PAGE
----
CA decision on right of agency workers to be informed about vacancies

Tuesday 8th March 2022

The CA has held, in Kocur v Angard Staffing Solutions Ltd & anor, that the Agency Worker Regulations 2010 give agency workers the right to be notified of any vacancies by the hirer, but not the right to be able to apply and be considered for them during any period of priority given to permanent employees.

Agency workers brought successful claims in the ET related to breaches of the AWR 2010 by both Angard as their employer and Royal Mail as the hirer. Among other things, the ET held that there had been a breach of Regulation 13, which provides that:

an agency worker has during an assignment the right to be informed by the hirer of any relevant vacant posts with the hirer, to give that agency worker the same opportunity as a comparable worker to find permanent employment with the hirer”.

While permanent roles were posted on the Royal Mail noticeboard, only those already in permanent positions could apply until such time as the vacancies were advertised externally. The agency workers would then be in competition with all other external applicants. In the ET, the agency workers successfully argued that the right to be notified of a vacancy is meaningless without the right to apply and be considered for it.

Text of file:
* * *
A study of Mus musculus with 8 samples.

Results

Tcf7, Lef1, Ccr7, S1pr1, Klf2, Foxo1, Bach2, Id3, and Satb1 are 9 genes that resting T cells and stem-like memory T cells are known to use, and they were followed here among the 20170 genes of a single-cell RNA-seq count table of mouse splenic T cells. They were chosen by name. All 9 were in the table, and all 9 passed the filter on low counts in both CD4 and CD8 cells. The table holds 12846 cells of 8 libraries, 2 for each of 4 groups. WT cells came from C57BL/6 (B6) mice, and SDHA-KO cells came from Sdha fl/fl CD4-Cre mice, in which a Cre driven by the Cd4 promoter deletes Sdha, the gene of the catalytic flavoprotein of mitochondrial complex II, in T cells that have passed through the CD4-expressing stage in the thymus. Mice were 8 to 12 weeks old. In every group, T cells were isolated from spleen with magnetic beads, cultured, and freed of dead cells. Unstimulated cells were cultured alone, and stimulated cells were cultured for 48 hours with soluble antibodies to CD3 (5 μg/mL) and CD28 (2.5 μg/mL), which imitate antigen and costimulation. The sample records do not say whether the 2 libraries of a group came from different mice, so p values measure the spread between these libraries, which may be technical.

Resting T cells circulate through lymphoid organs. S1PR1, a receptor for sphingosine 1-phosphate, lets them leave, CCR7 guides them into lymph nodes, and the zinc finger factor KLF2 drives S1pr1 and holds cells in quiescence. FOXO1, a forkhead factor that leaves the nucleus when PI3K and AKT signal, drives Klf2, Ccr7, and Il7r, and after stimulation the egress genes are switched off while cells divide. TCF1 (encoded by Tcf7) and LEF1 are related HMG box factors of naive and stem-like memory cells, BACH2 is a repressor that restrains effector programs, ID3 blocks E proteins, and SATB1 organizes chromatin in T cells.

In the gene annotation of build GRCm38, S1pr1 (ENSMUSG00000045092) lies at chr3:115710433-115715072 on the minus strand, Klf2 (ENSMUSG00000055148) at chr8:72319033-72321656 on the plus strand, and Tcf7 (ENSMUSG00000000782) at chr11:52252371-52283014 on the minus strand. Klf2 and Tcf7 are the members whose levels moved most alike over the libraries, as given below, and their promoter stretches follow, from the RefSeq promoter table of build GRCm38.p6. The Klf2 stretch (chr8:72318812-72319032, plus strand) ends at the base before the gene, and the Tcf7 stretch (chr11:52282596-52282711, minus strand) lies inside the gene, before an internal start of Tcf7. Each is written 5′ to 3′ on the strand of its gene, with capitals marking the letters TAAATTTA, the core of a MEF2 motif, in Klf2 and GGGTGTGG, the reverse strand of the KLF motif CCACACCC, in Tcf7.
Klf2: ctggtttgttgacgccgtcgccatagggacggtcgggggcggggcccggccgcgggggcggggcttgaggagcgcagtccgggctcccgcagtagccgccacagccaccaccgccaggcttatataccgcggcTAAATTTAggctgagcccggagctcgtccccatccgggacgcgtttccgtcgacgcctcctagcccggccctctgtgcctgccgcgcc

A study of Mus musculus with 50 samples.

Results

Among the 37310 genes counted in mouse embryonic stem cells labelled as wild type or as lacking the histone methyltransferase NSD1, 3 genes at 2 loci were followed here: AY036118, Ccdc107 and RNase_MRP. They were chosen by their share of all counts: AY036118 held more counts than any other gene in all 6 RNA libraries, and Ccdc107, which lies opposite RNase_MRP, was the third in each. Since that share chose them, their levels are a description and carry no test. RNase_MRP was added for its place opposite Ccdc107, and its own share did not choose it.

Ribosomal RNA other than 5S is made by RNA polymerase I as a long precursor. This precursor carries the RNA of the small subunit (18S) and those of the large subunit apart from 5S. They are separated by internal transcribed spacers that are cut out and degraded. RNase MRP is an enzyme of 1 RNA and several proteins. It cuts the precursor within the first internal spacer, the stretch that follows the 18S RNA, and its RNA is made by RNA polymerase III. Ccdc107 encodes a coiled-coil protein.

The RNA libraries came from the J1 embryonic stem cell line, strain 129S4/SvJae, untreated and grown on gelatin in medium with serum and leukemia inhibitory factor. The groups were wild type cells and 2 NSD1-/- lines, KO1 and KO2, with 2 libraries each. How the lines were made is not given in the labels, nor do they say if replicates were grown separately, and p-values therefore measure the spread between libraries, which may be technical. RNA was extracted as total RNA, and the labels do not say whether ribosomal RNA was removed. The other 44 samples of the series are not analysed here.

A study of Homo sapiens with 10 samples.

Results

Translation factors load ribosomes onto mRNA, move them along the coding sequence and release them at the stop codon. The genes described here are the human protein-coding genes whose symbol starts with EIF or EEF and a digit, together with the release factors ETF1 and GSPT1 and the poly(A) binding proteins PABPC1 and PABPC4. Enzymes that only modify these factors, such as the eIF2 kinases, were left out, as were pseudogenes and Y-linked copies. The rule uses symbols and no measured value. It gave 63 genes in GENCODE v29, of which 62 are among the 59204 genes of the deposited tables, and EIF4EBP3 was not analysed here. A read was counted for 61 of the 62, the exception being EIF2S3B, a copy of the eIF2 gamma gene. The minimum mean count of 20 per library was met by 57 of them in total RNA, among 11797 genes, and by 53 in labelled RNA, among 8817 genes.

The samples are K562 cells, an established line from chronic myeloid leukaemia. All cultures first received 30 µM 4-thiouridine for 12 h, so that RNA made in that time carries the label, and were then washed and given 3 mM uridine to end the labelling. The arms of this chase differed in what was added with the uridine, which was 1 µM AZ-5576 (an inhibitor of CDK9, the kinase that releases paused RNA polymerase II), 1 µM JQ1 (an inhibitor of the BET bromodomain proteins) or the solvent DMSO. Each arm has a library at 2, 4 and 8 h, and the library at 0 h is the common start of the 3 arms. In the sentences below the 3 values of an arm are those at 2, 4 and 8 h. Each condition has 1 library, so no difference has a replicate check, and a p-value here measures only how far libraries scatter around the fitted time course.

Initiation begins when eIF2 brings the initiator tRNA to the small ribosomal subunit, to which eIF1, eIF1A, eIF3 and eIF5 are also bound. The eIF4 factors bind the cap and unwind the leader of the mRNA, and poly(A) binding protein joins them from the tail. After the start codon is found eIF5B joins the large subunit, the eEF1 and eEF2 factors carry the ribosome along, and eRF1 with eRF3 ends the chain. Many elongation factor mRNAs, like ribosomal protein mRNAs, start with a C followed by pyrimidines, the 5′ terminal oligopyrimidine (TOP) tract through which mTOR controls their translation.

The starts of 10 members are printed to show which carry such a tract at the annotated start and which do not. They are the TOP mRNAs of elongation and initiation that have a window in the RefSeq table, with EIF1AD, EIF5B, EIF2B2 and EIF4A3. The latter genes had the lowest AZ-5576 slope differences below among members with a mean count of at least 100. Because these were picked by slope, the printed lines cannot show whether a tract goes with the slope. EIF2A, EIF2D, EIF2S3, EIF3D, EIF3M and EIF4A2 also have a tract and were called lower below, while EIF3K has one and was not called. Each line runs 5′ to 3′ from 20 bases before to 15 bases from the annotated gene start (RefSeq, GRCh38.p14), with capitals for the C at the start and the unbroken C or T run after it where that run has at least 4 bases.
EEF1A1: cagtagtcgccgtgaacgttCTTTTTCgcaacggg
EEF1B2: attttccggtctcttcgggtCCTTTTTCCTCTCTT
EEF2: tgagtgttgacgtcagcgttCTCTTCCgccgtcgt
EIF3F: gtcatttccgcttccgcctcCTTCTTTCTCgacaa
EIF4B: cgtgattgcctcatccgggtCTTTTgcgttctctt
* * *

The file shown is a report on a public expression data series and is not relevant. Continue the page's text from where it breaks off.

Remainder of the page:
Angard appealed, arguing the AWR requirement was simply to be informed of the relevant vacancies. The EAT allowed the appeal.

The CA agreed with the EAT, finding that the AWR imposed only a right of notification. The CA decided the Temporary Agency Workers Directive aimed to strike a balance between a variety of different competing objectives without creating any hierarchy of interests and therefore rejected the argument that Regulation 13 gives agency workers high priority relative to either permanent staff or the hirer.

The CA also noted that the EAT was correct when it highlighted several adverse consequences that would follow if Regulation 13 imposed obligations beyond just notification, such as potentially preventing an employer from giving preference to in-house candidates or employees selected for redundancy. If such consequences were intended, the legislation would have been explicitly about it.

All information in this update is intended for general guidance only and is not intended to be comprehensive, or to provide legal advice.